A recent report by Parenting in the Digital Age shows that less than half of parents felt confident in ensuring their children were safe online, and one in three children have had a bad experience online. It also found that only 46 per cent of Australian parents felt they’d be able to deal with the online risks that their children might face. So, how can you teach your children to use the internet safely? From teaching them about computer viruses to online privacy and hidden dangers of social networking sites, here’s some tips to keep them safe as the browse the web.
Place the computer in a shared area
Keeping an eye on your children’s internet activity is much easier if they don’t use a computer in their room. Make sure the computer’s screen can be seen from different parts of the room, and that it doesn’t face the wall. Children will be more inclined to avoid viewing images or sites they shouldn’t if their parents are walking around behind them.
Set reasonable usage limits
Some professional guidance has stopped short of recommending specific limits on screen time for children, yet many still argue that too much time on the computer can have a negative effect on school performance, sports performance and be dangerously addictive. Be sure to set rules about what they can and can’t do when they’re online, and keep in mind that health experts in America advised parents to limit screen time for kids to a maximum of two hours per day. For those aged between two and five, the recommended limit is one hour per day.
Talk about potential internet dangers
If you think your children are old enough, have an honest and open discussion with them about the dangers they may face online. From teaching them to click with caution and be aware of malicious software, to the issues that come with internet chat rooms, it’s important that your children are clued up about what they may come across as they browse the web. Explore sites and apps they like and look through them together, so you can both put together a list of appropriate sites they can enjoy visiting.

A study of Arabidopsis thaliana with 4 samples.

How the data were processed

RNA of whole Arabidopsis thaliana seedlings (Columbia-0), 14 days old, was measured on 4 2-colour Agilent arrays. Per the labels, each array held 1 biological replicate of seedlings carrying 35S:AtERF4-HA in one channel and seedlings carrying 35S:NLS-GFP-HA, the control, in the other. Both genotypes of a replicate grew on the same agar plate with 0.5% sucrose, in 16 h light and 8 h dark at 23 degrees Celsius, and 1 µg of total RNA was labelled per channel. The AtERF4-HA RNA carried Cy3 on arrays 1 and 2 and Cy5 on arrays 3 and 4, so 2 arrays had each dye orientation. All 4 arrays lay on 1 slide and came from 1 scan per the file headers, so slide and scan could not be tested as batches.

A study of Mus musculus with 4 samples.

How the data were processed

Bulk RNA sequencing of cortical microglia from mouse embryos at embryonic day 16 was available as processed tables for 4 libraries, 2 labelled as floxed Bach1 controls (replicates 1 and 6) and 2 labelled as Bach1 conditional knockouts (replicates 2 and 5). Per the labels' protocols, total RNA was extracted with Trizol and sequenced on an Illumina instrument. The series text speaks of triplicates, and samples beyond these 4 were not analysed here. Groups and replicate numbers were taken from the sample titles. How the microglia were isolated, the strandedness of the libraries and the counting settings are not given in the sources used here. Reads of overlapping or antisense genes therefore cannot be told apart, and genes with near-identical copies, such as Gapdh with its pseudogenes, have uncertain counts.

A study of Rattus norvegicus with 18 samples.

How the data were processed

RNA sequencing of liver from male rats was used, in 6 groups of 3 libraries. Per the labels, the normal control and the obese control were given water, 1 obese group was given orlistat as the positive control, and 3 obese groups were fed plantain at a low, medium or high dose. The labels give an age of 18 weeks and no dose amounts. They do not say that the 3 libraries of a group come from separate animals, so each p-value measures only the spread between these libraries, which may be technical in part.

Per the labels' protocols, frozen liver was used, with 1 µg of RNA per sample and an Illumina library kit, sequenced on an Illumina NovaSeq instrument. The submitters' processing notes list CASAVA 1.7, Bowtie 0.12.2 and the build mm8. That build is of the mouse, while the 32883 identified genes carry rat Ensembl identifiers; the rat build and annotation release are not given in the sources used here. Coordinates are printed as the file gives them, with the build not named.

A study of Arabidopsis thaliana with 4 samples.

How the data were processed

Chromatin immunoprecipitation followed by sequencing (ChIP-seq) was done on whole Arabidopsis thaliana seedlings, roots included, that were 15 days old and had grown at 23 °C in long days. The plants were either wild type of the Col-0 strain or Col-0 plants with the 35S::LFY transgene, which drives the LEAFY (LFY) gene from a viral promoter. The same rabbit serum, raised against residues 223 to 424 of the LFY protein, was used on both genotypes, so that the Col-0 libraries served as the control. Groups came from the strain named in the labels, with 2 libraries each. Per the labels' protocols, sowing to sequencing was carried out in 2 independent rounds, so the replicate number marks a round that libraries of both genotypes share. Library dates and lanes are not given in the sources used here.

Don’t share your password
Your children may not understand the importance of keeping passwords a secret, so it’s best not to let them know your password or make sure you don’t use the same password across different accounts. You can teach kids basic password management skills and set them up for success from a security perspective.
Parental controls are a good option
According to parentscorner.com.au, a great way to protect your kids online is with parental controls and tools. Your internet provider may offer these for free, and many smartphones, tablets and laptops have them pre-installed. You can filter and block specific websites or words, or block outgoing content so your children can’t accidentally send information via email. There are also monitoring tools that alert you to your children’s online activity and even record any websites they’ve visited.